Balcony Chairs

My Perch On the World

By Katherine McLaughlin

I had my reservations about this apartment. The kitchen could barely fit two people and my bedroom could barely fit a full-sized bed. The living room didn’t have any windows and I wasn’t sure if we would have room for something as basic as a table. But, my roommates successfully convinced me it would be worth it for the balconies that hung outside of our bedroom doors. Living in New York City, I was used to compromises. This was just another one — a tiny indoor space for a tiny bit of outdoor space.

Living in the city, I grew desensitized to the basic idea of private outdoor space. It was as if I’d forgotten my Midwest childhood full of backyards that would easily sprawl over an acre of land, and simply accepted that the outdoors only existed through public parks and sidewalks with other people. When my roommates and I had the opportunity to get this simple luxury back, I wasn’t even sure I wanted it.

We moved in the summer, right in the middle of a global pandemic. The apartment overflowed quickly with boxes and I grew easily overwhelmed. Over and over, I thought to myself that this had to have been a mistake. I was convinced we would never fit everything we needed into such a tiny unit. But slowly — as we broke in the space — everything found its place. Books on shelves, clothes on hangers, and me on the balcony.

Like so many others, the coronavirus pandemic took a toll on my mental health. Between working from home and a lack of socialization mixed with the fear and sadness that comes from so many deaths, recent months haven’t been easy. However, they’ve been better since living in this new apartment.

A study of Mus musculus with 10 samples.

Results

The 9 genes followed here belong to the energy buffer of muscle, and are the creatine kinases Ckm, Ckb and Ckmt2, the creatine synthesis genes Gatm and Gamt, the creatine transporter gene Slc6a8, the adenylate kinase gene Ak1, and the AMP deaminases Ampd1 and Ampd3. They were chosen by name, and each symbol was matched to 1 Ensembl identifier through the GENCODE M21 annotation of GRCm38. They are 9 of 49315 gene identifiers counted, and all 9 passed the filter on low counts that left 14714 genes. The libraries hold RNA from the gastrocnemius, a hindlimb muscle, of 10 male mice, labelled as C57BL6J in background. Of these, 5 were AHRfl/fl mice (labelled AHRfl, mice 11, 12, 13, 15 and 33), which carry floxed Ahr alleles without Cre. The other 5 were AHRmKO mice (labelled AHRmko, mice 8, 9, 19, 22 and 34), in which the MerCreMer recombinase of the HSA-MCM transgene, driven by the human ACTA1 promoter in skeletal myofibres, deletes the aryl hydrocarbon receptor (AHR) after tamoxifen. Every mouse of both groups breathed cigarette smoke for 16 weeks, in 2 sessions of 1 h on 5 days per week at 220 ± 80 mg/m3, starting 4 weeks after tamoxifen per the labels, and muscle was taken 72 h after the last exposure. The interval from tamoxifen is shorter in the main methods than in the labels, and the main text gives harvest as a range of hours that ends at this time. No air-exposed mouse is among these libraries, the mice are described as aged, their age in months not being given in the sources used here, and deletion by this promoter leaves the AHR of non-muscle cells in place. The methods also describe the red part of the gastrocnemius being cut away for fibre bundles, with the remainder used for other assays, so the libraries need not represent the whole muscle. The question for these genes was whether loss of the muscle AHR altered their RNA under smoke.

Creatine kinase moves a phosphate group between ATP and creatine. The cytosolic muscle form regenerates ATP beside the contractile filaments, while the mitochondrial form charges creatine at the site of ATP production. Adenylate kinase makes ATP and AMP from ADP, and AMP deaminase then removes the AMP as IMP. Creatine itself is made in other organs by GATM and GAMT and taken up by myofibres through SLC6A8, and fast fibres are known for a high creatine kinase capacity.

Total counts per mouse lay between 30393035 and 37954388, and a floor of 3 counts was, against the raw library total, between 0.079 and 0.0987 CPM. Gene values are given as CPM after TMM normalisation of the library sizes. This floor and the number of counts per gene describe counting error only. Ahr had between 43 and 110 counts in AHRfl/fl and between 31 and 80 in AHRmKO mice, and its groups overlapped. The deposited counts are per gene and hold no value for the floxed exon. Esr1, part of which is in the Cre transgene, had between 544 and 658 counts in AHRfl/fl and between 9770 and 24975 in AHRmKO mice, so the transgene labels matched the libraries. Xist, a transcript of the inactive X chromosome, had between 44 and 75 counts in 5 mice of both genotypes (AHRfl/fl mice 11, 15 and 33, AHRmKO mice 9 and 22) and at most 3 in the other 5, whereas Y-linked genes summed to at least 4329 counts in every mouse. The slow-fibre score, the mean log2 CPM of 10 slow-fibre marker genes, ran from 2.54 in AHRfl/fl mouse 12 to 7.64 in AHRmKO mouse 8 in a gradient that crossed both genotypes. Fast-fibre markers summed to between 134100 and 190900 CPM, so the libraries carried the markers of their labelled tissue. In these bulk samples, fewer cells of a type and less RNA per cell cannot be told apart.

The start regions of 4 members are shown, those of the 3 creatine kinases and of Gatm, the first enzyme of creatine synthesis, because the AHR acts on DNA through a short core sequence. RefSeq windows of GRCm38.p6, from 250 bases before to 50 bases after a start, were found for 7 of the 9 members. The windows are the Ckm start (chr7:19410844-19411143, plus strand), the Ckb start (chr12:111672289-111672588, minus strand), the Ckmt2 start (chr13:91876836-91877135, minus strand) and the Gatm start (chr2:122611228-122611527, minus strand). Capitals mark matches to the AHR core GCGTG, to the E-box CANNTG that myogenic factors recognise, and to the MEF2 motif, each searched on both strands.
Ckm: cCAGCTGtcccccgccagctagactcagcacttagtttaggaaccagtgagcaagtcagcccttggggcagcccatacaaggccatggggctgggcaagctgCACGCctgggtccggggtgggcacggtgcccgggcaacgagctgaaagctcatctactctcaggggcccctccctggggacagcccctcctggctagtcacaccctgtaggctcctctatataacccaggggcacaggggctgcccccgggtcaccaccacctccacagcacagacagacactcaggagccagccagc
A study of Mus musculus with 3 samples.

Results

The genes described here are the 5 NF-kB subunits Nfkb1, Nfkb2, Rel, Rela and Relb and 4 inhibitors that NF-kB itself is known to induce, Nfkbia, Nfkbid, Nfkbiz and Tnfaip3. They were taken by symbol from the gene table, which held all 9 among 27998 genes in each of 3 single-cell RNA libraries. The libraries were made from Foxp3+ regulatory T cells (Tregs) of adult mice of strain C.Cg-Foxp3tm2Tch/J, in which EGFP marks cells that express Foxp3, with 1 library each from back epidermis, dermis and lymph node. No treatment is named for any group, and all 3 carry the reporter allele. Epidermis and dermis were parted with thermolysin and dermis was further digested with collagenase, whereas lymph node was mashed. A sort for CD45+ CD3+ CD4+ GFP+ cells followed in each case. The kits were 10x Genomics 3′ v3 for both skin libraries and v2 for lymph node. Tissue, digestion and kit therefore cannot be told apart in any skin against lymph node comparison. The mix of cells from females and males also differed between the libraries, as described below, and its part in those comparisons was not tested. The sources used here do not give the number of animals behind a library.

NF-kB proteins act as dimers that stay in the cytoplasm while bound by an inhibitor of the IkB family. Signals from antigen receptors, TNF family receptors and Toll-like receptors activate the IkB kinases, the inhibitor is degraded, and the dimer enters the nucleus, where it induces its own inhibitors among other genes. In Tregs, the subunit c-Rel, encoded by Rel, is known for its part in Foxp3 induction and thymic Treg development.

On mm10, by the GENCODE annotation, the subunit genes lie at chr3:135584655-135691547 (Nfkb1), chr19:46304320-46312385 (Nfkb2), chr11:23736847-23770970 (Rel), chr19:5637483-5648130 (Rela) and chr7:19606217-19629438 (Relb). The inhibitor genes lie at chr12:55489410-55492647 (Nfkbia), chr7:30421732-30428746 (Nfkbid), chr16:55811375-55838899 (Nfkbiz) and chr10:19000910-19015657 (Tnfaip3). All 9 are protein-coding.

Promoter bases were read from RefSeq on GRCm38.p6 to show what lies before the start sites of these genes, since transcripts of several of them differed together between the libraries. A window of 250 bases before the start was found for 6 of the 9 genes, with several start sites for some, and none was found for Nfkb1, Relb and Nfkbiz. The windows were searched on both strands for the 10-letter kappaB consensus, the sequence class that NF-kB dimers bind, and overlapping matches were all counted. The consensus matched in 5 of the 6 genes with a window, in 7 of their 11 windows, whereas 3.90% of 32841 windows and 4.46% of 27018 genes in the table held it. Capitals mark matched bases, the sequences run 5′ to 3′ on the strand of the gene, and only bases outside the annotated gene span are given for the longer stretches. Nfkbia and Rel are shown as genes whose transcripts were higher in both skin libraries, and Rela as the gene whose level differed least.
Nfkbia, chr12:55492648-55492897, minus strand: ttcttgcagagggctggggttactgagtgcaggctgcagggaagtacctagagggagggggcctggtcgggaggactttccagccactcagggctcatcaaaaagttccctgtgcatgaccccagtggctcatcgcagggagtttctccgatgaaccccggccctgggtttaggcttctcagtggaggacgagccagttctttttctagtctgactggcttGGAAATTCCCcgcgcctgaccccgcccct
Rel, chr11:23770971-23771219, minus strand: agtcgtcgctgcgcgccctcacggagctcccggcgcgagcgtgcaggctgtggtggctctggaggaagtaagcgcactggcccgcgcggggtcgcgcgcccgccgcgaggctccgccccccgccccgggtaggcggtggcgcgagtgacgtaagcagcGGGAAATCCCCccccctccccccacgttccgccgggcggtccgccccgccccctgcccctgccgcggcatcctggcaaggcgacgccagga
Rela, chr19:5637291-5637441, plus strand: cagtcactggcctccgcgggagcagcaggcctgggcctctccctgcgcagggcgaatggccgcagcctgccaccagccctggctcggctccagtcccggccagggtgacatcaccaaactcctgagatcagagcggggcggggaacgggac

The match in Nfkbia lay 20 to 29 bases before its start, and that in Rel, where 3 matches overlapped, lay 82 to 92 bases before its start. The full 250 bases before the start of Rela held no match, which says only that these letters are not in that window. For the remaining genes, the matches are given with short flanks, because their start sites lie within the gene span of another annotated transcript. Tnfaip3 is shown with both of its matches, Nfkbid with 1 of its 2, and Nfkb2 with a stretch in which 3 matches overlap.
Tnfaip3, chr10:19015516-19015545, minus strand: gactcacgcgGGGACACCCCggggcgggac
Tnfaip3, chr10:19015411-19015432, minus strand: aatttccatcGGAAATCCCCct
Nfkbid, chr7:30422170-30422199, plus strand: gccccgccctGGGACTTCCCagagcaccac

I didn’t realize how deeply our balconies would affect me, and how quickly they’d become an oasis. After long days staring at a computer and working from the same room I sleep, stepping outside to read a book to the sounds of nature has become the simplest refuge. Taking lunch breaks in the sunshine creates a physical change from the monotony of the workday. Saturday morning air with a cup of coffee is easily the purest moment of my week.

Katherine McLaughlin standing on balcony

It wasn’t until this year that I was reminded how much outdoor space is a necessity in my life. While it’s been a way to break up a world that exists almost entirely inside now, it also reminds me that there is so much more to our existence than just the situation we’re in now. Sitting on my balcony has become a front-row seat to the beauty of our planet and the people who inhabit it.

When I turn towards the south, apartment roofs only barely peak through maple trees behind our building. It’s one of the few places I know in the city where nature overpowers concrete. I can see leaves rustling peacefully, dancing softly to the music of a bird’s call and response. I smell the changing seasons and watch the days begin and end.

When I look to the east, I see the sprawling metropolis. I’m reminded of the resilience and strength of human civilization. I see people walking their dogs and playing with kids. I hear laughter and live music from a rooftop a few blocks away. Even the stereotypical sirens of the city bring comfort as I think of thousands of men and women who dedicate their lives to saving others.

I’m inspired daily from watching our planet and people from my own little perch on the world. During a time where everything in life seems wrong, sitting on my balcony is one of the few things that feels right. It’s become a sanctuary, an escape, peace — and I get all of this just for the price of a smaller bedroom.